Starbucks CEO's pledge to withhold political donations looks like a PR stunt

William Schlitz
William Schlitz
Photo courtesy William Schlitz

By William Schlitz

Recently I have watched in amazement the large number of people falling all over themselves to praise Starbucks CEO Howard Schultz for his call to stop providing political contributions to elected officials. Since sending out his letter, Schultz has received praise from many for being willing to take on the political beast in Washington, D.C.

What is amazing about this "pledge" is not what Schultz has promised but what he has left out. In his letter, Schultz writes the following:

"This is what so many common-sense Americans want. That is why we today pledge to withhold any further campaign contributions to the President and all members of Congress until a fair, bipartisan deal is reached that sets our nation on stronger long-term fiscal footing. And we invite leaders of businesses - indeed, all concerned Americans - to join us in this pledge."

This sounds wonderful to many in our country, as frustration grows at the inability of our elected officials to put aside their political differences and address serious issues. But by writing this pledge to deal only with "campaign contributions to the President and all members of Congress," Schultz and his fellow CEOs have left themselves a loophole big enough to fund the entire 2012 election cycle.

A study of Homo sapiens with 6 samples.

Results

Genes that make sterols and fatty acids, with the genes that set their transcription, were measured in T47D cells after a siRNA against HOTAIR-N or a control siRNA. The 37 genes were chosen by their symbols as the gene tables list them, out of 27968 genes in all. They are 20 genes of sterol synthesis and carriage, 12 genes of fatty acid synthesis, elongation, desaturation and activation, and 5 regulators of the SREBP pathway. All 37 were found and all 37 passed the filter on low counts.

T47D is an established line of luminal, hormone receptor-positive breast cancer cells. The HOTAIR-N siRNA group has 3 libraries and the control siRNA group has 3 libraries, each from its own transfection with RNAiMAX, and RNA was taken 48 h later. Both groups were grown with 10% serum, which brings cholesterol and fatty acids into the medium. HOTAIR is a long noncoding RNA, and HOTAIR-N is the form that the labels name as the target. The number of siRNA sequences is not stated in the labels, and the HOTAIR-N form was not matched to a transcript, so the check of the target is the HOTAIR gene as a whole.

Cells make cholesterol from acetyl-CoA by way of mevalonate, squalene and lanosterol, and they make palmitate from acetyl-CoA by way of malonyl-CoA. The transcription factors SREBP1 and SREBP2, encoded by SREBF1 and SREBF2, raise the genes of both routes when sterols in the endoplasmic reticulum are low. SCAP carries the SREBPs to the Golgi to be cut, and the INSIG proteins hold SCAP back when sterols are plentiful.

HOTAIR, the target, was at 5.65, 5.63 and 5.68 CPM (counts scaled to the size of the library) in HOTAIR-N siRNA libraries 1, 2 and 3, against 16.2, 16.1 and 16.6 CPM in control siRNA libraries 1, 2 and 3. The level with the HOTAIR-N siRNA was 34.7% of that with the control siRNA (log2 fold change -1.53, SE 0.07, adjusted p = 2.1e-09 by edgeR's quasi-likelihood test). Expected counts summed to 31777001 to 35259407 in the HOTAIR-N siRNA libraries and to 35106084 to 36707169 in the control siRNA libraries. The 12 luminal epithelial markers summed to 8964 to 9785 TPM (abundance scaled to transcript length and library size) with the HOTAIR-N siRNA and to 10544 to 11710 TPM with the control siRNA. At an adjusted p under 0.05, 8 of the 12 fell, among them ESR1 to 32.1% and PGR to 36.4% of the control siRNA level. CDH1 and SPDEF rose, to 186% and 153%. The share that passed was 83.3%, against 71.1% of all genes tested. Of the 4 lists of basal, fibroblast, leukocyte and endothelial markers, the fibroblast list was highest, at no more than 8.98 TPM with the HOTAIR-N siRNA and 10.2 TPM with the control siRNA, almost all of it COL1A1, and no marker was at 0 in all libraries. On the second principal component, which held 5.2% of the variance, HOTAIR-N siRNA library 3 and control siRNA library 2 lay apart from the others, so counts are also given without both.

Let me explain. Most big money contributions are not made to the campaign committees of individual candidates. There are limits on what each individual person can give to a specific candidate each election cycle. For example, each person can provide a maximum of $2,500 to a candidate per election in 2011-12. The really big contributions flow to the 527s, political action committees (PACs) and political parties (national and state). In particular, 527s have no limits on the contributions they can receive, and in the 2010 election cycle they spent over $590 million.

I have reached out to POP, the public relations firm operating the Upward Spiral 2011 website and Facebook page in support of the Schultz effort, asking for clarification on this contribution loophole. I asked whether the pledge applies to all campaign contributions, including those to 527s, PACs and political parties.

This should produce a simple yes or no answer. Unfortunately, the answer that I have received is far from that. Here is the answer I received, via Facebook:

"In his letter, Howard Schultz asked all concerned Americans to pledge to withhold campaign contributions to the President and all members of Congress. The pledge is a thing that concerned Americans can do -- not the only thing."

Being unable to provide potential supporters with an answer as simple as, "Yes, this includes all campaign contributions," demonstrates to me that this pledge is nothing more than a PR stunt.

The simple way to clear this up is for Schultz and his 100 CEOs to issue a new, clear pledge that simply states they will make no local, state or federal political contributions during the 2012 elections. Until then, "common sense Americans" should pledge not to take Schultz and his PR stunt seriously.